It’s already close to the middle of 2014 and you’re in need of some mid-year inspiration. Here are 5 inspirational books that will give you the extra nudge you need to boost your mood and your outlook. Enjoy!
1. “Adulting”, Kelly Williams Brown
You may age in number but still feel like a kid. Many of us encounter this sentiment, but is it something we should fight or embrace? “Adulting“reconciles our desire to feel young and the need for us to fulfill the adult role in everyday life. This book was inspired by Brown’s blog, which helps people become adults in 468 easy(ish) steps.
2. “The Art of Tinkering”, Karen Wilkinson and Mike Petrich
This book features all the activities, workshops and quirky experiments that pay homage to the activity of tinkering. Defined as taking things apart, exploring tools and materials and building science/technology art, tinkering is about fooling around with tools, materials and concepts – learning through doing. For the handy reader with a knack for fun-filled, innovative projects, “The Art of Tinkering” will keeps things fresh and whimsical.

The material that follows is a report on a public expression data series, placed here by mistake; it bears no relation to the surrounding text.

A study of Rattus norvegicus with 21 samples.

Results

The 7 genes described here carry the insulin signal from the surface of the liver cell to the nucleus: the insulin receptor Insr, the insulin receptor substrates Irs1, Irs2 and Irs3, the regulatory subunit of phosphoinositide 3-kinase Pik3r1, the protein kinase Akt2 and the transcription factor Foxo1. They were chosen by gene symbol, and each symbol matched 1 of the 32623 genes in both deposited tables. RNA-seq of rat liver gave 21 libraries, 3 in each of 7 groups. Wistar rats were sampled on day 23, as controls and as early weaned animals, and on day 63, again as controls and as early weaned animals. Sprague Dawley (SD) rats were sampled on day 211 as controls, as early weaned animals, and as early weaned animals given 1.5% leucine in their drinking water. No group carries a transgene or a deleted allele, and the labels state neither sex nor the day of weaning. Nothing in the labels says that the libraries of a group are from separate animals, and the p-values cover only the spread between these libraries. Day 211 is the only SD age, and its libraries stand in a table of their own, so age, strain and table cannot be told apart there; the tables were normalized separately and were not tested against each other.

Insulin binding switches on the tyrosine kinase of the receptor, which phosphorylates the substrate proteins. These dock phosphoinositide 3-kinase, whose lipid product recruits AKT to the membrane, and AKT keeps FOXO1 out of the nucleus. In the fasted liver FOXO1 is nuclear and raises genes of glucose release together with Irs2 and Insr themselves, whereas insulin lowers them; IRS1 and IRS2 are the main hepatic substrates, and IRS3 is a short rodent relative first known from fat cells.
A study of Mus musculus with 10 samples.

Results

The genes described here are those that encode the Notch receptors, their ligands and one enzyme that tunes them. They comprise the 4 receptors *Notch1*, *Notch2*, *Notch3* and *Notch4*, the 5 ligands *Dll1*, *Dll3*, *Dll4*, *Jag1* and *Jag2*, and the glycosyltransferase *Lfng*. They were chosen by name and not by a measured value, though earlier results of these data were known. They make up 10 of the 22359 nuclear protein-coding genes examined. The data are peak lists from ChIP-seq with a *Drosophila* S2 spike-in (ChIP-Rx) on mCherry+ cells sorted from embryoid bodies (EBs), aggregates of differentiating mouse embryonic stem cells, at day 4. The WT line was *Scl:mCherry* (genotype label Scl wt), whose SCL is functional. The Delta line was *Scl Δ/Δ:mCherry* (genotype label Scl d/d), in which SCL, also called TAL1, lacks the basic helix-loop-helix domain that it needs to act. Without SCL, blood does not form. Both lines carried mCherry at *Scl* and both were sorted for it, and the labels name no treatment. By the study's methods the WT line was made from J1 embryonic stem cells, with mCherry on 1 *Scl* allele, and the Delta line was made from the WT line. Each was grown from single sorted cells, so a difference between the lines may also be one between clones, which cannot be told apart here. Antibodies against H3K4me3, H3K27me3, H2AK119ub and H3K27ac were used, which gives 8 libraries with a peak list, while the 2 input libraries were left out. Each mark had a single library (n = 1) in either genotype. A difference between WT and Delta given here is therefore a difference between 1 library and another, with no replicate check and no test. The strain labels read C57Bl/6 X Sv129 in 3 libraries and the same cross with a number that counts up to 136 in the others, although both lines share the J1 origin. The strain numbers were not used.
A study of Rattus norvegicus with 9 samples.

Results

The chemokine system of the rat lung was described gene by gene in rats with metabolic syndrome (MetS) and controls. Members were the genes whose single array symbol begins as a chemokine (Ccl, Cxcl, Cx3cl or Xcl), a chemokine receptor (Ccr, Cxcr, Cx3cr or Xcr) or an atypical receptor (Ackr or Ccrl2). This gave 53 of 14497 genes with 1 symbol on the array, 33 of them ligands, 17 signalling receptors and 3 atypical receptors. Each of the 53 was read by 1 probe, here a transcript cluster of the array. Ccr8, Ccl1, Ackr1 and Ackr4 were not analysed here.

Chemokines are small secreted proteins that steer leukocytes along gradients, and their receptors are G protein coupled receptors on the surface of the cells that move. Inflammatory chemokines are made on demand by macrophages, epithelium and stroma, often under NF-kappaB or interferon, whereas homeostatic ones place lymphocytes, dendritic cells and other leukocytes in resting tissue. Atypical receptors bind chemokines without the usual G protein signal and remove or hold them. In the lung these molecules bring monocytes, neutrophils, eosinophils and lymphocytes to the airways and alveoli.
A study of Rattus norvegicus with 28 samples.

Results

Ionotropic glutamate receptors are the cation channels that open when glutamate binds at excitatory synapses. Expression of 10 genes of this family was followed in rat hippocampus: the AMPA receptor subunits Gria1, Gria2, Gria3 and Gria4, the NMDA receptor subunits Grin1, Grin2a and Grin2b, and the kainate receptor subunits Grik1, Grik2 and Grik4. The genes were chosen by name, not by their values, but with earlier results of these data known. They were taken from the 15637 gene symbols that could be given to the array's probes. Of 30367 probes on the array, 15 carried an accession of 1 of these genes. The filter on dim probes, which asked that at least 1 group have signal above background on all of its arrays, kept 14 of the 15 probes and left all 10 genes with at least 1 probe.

3. “The Gift of Adversity”, Normal E. Rosenthal
Contrary to popular belief, difficulties do more for us than cause us trouble. “The Gift of Adversity” sheds light on how adversity can strengthen and motivate us. Rosenthal helps readers understand why it is important to encounter struggle in our everyday lives.
4. “Stumbling on Happiness”, Daniel Gilbert
Written by a Harvard psychologist, “Stumbling on Happiness” explains to us how our thoughts limit our understanding of the future and the satisfaction levels. The book reminds us how little we really know about the people we are bound to become.
5. “Steve Jobs”, Walter Isaacson
The title speaks for itself. Steve Jobs was a visionary, a perfectionist, and someone who changed the course of many industries, including music, personal computers, phones, animated movies, digital publishing, tablet computing and so much more. This book was written off of 40 interviews conduction with Steve Jobs over the course of two years. What better way to be inspired than by one of the greatest tech leaders of our time?